I'm building a view that will return the addressee's full name and it's city. The code as it stands is thus:

  SELECT
      surname
    , rest_of_name
    , 'Employee'  AS party_type_code
    , party_id
    , cities.name AS city_name
  FROM
              employees
    LEFT JOIN site_locators USING (party_id)
    LEFT JOIN sites         USING (site_id)
    LEFT JOIN cities        USING (city_id)
UNION ALL
  SELECT
      surname
    , NULL::text
    , 'Company'  AS party_type_code
    , party_id
    , cities.name AS city_name
  FROM
              companies
    LEFT JOIN site_locators USING (party_id)
    LEFT JOIN sites         USING (site_id)
    LEFT JOIN cities        USING (city_id)
UNION ALL
  SELECT
      surname
    , rest_of_name
    , 'Person'  AS party_type_code
    , party_id
    , cities.name AS city_name
  FROM
              people
    LEFT JOIN site_locators USING (party_id)
    LEFT JOIN sites         USING (site_id)
    LEFT JOIN cities        USING (city_id)

I don't really like the multiple LEFT JOINs on each UNION. I refactored the code to do the JOINs only once as a separate step:

SELECT
    parties.*
  , cities.name AS city_name
FROM (
    SELECT /* As above, minus city_name */
    FROM employees
  UNION ALL
    SELECT /* As above, minus city_name */
    FROM companies
  UNION ALL
    SELECT /* As above, minus city_name */
    FROM people
  ) AS parties
  LEFT JOIN site_locators USING (party_id)
  LEFT JOIN sites         USING (site_id)
  LEFT JOIN cities        USING (city_id)

This second query is faster, because the JOINs only happen once after all tables are filtered. What I'm wondering is if I can refactor this further such that if site_locators returns no rows for a party, then I don't even need to search for sites or cities? I'm wondering if this can be rewritten with some INNER JOINs rather than all LEFT JOINs. I've had a bad experience with LEFT JOINs previously and want to reduce the number of them.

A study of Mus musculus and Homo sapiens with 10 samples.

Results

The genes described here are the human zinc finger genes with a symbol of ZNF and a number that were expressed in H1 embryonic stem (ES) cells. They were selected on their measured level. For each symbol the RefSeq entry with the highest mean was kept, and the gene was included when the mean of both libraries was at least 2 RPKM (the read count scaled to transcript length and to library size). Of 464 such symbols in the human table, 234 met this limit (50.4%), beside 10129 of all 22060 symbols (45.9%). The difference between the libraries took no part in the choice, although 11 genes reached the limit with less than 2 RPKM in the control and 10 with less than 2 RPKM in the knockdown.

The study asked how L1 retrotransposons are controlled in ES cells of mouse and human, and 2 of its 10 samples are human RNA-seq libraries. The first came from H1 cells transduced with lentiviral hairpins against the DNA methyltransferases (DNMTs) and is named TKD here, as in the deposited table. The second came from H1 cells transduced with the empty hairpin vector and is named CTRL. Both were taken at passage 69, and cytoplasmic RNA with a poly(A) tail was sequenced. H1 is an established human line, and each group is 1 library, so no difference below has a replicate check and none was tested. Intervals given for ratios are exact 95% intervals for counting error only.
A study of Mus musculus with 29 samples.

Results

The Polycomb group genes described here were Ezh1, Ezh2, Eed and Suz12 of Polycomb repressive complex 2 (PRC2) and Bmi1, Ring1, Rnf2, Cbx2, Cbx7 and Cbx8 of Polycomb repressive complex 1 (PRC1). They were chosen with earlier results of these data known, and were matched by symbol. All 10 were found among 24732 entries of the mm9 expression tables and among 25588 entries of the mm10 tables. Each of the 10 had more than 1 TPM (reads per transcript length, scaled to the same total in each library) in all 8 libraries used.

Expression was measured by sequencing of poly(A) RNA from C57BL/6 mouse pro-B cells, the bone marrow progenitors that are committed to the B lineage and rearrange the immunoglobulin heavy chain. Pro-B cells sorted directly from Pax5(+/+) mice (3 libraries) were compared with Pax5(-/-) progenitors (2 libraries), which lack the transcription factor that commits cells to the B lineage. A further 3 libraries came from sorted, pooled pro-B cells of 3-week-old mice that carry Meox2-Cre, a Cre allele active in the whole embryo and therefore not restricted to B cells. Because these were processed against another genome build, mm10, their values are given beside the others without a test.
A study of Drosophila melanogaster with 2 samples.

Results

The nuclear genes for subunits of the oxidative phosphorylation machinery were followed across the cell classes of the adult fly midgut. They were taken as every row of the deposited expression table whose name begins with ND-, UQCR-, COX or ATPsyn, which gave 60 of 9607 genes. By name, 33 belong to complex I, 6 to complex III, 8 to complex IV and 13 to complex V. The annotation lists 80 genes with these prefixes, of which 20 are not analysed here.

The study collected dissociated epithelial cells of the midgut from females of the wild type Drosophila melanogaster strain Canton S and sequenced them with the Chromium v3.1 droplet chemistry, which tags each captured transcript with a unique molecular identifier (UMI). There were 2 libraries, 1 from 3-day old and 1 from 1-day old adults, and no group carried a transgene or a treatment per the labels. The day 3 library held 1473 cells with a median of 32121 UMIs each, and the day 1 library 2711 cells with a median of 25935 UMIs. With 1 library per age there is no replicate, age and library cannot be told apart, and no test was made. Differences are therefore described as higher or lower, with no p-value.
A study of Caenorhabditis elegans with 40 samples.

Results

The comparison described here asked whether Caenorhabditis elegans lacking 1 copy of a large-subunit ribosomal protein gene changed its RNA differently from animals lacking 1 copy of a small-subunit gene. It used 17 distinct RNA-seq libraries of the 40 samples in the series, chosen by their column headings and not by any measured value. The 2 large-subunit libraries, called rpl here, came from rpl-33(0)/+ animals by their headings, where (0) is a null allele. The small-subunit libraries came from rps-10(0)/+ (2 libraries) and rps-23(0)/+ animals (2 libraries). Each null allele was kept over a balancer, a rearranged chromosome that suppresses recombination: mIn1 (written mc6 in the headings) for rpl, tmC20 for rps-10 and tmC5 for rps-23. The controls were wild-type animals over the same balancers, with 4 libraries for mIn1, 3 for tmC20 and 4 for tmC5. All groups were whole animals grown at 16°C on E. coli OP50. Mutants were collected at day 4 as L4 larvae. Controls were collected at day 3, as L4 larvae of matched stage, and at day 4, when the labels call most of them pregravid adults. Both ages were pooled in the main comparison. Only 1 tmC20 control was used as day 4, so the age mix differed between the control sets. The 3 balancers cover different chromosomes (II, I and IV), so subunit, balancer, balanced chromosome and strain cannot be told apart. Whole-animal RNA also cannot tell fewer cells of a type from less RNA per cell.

NOTE: The parties table exists to reduce the number of tables. If it wasn't present, I'd need tables for each party type and locator type: employee_site_locators, people_site_locators, company_site_locators, employee_email_locators, people_email_locators and so on. With the parties table, I can have a single *_locator table per locator type.

If you need your rows to always have data present in all the listed tables, changing the LEFT JOINs to INNER JOINs will accomplish that, and should also restrict the scope of the search. You should (probably) be able to leave the query otherwise as-is, because most modern optimizers mess with join order regardless. –  Clockwork-Muse Jul 15 '11 at 21:13
    
I understand the difference between LEFT and INNER join. The data in the city_name column is optional: if it exists, I want it. If it's absent, it's fine, thus my use of LEFT JOIN. –  François Beausoleil Jul 16 '11 at 14:35
    
Okay, sorry, that wasn't stated as part of your requirements (or at least, I didn't read that in it). In which case, the left joins are probably going to be the best you're going to get; unless some of the subsequent joins can be re-written with inner joins. Without knowing your table structure and desired results, though, it's a little difficult to judge exactly what can be changed in this manner. –  Clockwork-Muse Jul 18 '11 at 15:34
    
It won't help with the JOIN, but this looks like a situation where PG's table inheritance capability might unclutter things. The relationship between parties and employees, persons, and companies looks like creating an inheritance structure on the fly. –  Andrew Lazarus Jul 20 '11 at 0:27

1 Answer 1

First, that first refactor is very good.

Secondly, yes left joins constrain the planner. However blocking these into blocks of inner joins with an outer join back in constrains the planner in more ways, and these are bigger limitations. In general I have seen planners less able to use indexes when left joins are factored out the way you describe.

In general, it is best to focus on clarity first, and then look at tweaking to perform better than to worry about performance first and work on clarity later. One thing that will help though is replacing USING with ON. Finally look at your model and see what is really a left join and what is an inner join. Note these are very different so they can't be substituted directly.